ANDY Flower is remembered best for his distinguished Test career for Zimbabwe, but he also played many brilliant ODI innings in his heyday.
By Enock Muchinjo
It is easy sometimes not to appreciate Flower’s one-day genius in its entirety if you take, for instance, that Brendan Taylor has scored six more centuries in this format — and that from a marked 31 games less than the great man’s tally.
Flower’s 145 against India in the 2002 Champions Trophy in Sri Lanka fully portrayed the character of the man, a quality player who could score freely in trying conditions, mark of a world-class batsman.
That fine knock by Flower in Colombo would be the last of his fourth ODI hundreds before his playing career was abruptly cut short a year later by the famous black-arm band protest of the 2003 World Cup.
It was a virtuoso show by Flower against a very good Indian side — Zaheer Khan, Ashish Nehra, Anil Kumble and Harbhajan Singh all in the attack for India — inspiring one of the finest one-day centuries you’ll ever witness.
Flower’s inability to convert one-day fifties into hundreds was the one stain on his fabulous career, but a vast majority of his 55 ODI half-centuries from 213 outings were of the outmost quality.
Perhaps none more so than his 51 against the all-conquering Australia team at Hobart during the Carlton Series in 2001 — to me as good as I have seen Flower, a player recognised at the first real superstar of Zimbabwean cricket.
With a reputation as one of the world’s best players of the reverse-sweep already well-established, Flower gave himself room and found the gap beautifully throughout the well-constructed innings.
After joining Zimbabwe century-maker and fellow left-hander Alistair Campbell at the crease, Flower took over the attacking role and played all shots in the book all around the park.
He particularly created problems for the spin bowlers, including the legendary leggie Shane Warne — rarely one to be found at the receiving end during the peak of his wizardry.
If there were ever batsmen in word cricket those days who were almost arrogantly confident in a particular shot in their armoury, one was Flower.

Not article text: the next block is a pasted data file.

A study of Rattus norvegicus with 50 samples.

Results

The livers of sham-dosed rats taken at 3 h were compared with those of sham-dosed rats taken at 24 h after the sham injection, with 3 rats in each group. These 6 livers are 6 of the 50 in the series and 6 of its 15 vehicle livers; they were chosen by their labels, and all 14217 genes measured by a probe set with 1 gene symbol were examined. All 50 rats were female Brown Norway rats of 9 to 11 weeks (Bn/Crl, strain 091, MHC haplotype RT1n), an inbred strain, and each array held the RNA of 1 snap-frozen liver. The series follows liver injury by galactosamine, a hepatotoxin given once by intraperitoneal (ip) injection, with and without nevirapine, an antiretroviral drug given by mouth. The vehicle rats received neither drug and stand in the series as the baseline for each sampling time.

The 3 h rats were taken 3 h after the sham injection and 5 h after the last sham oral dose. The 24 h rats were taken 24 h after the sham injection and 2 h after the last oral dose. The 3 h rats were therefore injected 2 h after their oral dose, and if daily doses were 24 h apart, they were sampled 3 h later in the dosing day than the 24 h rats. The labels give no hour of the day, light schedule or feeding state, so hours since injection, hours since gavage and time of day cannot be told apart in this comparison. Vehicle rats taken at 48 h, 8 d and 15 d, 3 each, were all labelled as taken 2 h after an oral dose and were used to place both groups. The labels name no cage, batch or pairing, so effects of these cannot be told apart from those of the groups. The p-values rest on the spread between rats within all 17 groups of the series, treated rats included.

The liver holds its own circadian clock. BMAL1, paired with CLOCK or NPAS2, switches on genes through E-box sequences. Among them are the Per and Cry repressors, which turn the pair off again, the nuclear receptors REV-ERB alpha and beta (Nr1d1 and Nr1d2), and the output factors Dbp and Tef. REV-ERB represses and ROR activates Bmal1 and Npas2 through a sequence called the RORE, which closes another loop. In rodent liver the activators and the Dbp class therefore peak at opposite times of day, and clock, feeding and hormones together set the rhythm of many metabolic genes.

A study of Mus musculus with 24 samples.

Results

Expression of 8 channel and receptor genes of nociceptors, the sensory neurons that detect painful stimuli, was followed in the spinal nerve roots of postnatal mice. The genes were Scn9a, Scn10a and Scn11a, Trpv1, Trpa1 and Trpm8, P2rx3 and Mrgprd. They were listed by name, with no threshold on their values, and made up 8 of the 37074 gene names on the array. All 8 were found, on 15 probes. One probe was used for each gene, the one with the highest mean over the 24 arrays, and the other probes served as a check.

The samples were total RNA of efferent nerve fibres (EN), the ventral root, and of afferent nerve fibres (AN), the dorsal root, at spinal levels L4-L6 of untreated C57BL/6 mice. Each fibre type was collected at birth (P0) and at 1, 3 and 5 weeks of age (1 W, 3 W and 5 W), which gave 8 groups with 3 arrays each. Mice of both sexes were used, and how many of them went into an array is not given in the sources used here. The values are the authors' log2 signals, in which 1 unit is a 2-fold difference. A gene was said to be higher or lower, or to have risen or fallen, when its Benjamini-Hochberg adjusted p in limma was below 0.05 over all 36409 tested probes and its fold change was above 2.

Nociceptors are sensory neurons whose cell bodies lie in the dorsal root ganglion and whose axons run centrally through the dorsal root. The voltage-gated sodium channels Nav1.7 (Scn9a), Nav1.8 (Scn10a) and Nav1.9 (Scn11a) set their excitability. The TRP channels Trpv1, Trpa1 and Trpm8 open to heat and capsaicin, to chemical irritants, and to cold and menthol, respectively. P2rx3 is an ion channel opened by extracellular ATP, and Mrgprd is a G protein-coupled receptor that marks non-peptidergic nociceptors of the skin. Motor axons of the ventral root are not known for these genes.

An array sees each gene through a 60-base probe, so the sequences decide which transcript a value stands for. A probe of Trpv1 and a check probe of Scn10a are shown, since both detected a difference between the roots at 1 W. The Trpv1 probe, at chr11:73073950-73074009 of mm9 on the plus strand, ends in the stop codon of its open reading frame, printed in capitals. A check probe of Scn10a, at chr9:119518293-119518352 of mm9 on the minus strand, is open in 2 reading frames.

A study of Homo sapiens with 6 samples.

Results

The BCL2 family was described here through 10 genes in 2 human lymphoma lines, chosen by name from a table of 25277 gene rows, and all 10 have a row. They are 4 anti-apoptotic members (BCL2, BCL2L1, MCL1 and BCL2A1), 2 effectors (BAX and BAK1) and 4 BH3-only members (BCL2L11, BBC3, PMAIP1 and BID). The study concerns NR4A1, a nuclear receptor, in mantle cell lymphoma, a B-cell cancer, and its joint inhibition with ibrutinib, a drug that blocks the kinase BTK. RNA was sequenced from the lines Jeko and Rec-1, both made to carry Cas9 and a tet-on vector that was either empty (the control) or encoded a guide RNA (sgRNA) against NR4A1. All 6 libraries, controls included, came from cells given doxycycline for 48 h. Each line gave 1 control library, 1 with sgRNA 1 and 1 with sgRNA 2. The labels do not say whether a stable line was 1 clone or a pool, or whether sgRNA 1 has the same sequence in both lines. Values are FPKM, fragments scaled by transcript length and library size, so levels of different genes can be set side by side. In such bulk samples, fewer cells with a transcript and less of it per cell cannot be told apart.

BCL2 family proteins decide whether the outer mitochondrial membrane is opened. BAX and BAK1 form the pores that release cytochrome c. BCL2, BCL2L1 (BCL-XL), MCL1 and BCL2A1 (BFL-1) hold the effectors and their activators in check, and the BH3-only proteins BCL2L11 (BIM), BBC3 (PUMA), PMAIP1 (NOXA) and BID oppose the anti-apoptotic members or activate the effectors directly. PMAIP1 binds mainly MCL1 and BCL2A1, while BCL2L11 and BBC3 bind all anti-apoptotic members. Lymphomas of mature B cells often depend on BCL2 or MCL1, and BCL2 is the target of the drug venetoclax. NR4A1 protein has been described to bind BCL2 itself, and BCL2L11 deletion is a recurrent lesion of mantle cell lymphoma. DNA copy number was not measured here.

In one over in Hobart, Flower got underneath an off-break delivery, smashing a bemused Andrew Symonds over backward point for six with the rarest of reverse-sweeps in cricket.
Campbell (124) and Flower guided Zimbabwe to 279-6, but Mark Waugh’s undefeated 102 and his twin brother Steve’s 79 saw off the African side by six wickets with 36 ball remaining.
But Flower had been absolutely superb with his half-century, an innings the Australian island of Tasmania will not easily forget.
It was a marvellous half-century Down Under for the wicketkeeper-batsman, and it should have been heart-warming for Flower that it was Cricket Australia — the country’s cricket governing body — which led the tributes last weekend when the iconic Zimbabwean reached another half-century mark in his life.
Flower turned 50 on Saturday, celebrating his birthday thousands of miles away in England, away from a country he was once forced to flee in fear of political persecution. But nonetheless, a country to which he had professed undying love — a country he served with outmost distinction, loyalty and pride.
“A happy 50th birthday to one of the game’s best exponents of the reverse sweep, Andy Flower!”, twitted Cricket Australia on Saturday.
A lot has happened in Flower’s life since he first left Zimbabwe at the age of 35 back in 2003.
As England coach, he led the Poms to three Ashes series victories, guided them to the number one spot on the Test rankings and presided over a World Twenty20 title – an impressive coaching resume on top of an even more gratifying playing career.
Australians don’t take defeat well, and losing those Ashes series was obviously hard to swallow.
But the Aussies were gracious enough to remember Flower’s 50th birthday, as much as they will probably long remember his glorious 50 at Bellerive Oval in Hobart 17 years ago.